Gunman Was Angry at Mother-in-Law Who Attended the Church He Attacked

By Susan Jones | November 6, 2017 | 12:15pm EST
Investigators hold a Monday morning news conference in Sutherland Springs, Texas on Nov. 6. (Screen grab/Fox News)

( - Authorities in Texas said the mass shooting at the First Baptist Church of Sutherland Springs, Texas, was not random.

"There was a domestic situation going on within this family," authorities said at Monday morning news conference. They said the suspect had sent threatening texts to his mother-in-law, who occasionally attended the church.

Authorities refused to go into detail about the domestic situation, except to say the guman was angry at his mother-in-law.

They also said he wore a mask with a skull on it while walking among the pews, killing 26 people and wounding 20 others.

The 26-year-old gunman, who reportedly was dishonorably discharged from the Air Force in 2014 following a conviction for assaulting his wife and child, did not have a license to carry a gun, authorities said.

"The suspect did have a noncommissioned, unarmed private security license, similar to a security guard at a concert-type situation,” said Texas Department of Public Safety Regional Director Freeman Martin. “There were no disqualifiers entered into the National Crime Information Center database that would preclude him from receiving a private security license.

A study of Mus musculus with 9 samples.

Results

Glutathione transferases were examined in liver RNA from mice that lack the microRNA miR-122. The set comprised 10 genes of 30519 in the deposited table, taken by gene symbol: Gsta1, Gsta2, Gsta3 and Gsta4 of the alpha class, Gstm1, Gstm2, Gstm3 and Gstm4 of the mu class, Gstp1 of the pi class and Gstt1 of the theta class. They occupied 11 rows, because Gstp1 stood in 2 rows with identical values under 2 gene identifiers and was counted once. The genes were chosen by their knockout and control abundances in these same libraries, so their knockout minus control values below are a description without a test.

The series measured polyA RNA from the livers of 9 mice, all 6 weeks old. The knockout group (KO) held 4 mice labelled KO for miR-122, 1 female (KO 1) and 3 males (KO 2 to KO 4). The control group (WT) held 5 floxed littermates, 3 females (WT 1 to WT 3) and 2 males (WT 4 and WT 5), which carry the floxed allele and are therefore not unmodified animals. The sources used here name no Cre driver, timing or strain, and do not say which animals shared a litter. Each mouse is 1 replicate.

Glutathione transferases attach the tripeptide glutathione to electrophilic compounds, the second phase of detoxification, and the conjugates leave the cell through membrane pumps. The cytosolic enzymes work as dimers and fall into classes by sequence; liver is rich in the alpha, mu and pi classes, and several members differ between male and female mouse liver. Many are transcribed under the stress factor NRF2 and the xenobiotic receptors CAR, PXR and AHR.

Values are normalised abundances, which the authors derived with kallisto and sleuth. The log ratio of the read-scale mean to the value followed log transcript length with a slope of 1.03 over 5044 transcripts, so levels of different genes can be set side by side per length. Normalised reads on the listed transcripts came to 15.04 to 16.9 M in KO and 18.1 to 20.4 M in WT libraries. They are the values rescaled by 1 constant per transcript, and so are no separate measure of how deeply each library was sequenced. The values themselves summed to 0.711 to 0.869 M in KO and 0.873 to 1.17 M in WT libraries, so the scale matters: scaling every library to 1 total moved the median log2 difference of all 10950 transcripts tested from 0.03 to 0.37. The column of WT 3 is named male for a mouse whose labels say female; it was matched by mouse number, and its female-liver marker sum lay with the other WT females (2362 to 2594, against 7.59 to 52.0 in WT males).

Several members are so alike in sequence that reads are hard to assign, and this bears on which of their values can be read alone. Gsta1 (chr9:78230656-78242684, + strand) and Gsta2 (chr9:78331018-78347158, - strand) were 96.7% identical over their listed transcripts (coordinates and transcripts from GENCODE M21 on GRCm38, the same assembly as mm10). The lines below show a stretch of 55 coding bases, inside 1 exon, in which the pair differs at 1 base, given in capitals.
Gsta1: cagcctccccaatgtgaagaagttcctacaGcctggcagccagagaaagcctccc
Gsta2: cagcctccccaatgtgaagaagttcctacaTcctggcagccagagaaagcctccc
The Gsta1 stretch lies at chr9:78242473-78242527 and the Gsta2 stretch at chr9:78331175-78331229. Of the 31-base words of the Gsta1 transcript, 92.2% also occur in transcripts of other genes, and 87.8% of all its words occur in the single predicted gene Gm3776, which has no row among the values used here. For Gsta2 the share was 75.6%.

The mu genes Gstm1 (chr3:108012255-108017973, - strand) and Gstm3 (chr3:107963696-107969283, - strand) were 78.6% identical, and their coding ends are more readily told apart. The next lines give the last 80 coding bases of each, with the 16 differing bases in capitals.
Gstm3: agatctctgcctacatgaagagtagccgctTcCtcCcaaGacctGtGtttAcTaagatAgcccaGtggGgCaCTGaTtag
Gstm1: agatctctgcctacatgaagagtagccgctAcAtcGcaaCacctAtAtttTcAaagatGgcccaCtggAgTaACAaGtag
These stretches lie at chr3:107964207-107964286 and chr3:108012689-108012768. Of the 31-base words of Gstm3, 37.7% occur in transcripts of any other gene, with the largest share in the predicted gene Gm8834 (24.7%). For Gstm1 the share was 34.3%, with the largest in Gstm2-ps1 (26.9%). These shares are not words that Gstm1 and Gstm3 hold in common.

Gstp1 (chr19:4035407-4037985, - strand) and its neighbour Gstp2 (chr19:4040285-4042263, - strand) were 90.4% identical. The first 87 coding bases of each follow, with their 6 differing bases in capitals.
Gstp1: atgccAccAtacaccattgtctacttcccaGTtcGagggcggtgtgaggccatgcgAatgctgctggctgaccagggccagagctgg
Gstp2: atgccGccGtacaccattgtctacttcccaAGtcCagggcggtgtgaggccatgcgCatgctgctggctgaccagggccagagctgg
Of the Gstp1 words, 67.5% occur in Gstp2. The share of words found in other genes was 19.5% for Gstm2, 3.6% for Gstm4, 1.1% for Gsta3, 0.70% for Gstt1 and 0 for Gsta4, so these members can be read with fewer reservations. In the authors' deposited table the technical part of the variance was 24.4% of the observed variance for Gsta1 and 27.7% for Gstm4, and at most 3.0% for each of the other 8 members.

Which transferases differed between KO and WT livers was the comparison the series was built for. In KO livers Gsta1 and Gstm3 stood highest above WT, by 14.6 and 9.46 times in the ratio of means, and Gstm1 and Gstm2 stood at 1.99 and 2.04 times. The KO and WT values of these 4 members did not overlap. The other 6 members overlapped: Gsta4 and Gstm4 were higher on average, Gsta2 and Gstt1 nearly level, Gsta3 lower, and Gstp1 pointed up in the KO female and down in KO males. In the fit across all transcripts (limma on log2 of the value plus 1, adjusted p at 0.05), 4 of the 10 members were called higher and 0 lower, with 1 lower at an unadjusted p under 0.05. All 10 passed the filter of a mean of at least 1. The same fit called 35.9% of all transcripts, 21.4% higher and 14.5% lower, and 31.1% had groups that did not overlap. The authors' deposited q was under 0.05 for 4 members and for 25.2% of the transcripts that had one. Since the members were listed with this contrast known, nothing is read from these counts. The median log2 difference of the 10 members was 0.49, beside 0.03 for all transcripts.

“Private security background checks including fingerprints and criminal history checks with the Texas Crime Information Center and the National Crime Information Center databases were checked and he was cleared,” Martin added.

The National Crime Information Center is one of the databases accessed by the National Instant Criminal Background Check System, which is supposed to bar domestic abusers and dishonorably discharged veterans from legally buying guns.

Authorities said the gunman bought four weapons in total, two in Colorado, and two in Texas, one each year beginning in 2014.

An ATF official said three of the four guns have been recovered, including the semi-automatic rifle he dropped at the scene when he was shot by a good Samaritan as well as two pistols found later in his car.

The ATF official said in general, if an individual has a dishonorable discharge from the military, he would be prohibited from possessing firearms. The investigation is continuing into exactly what the gunman's discharge said and whether this is a case of someone slipping through the cracks of the background check system.

In another detail, authorities said the suspect called his father while two bystanders were pursuing his SUV "to notify his father that he had been shot and didn't think he was going to make it."

Authorities say it appears he shot himself when his vehicle crashed.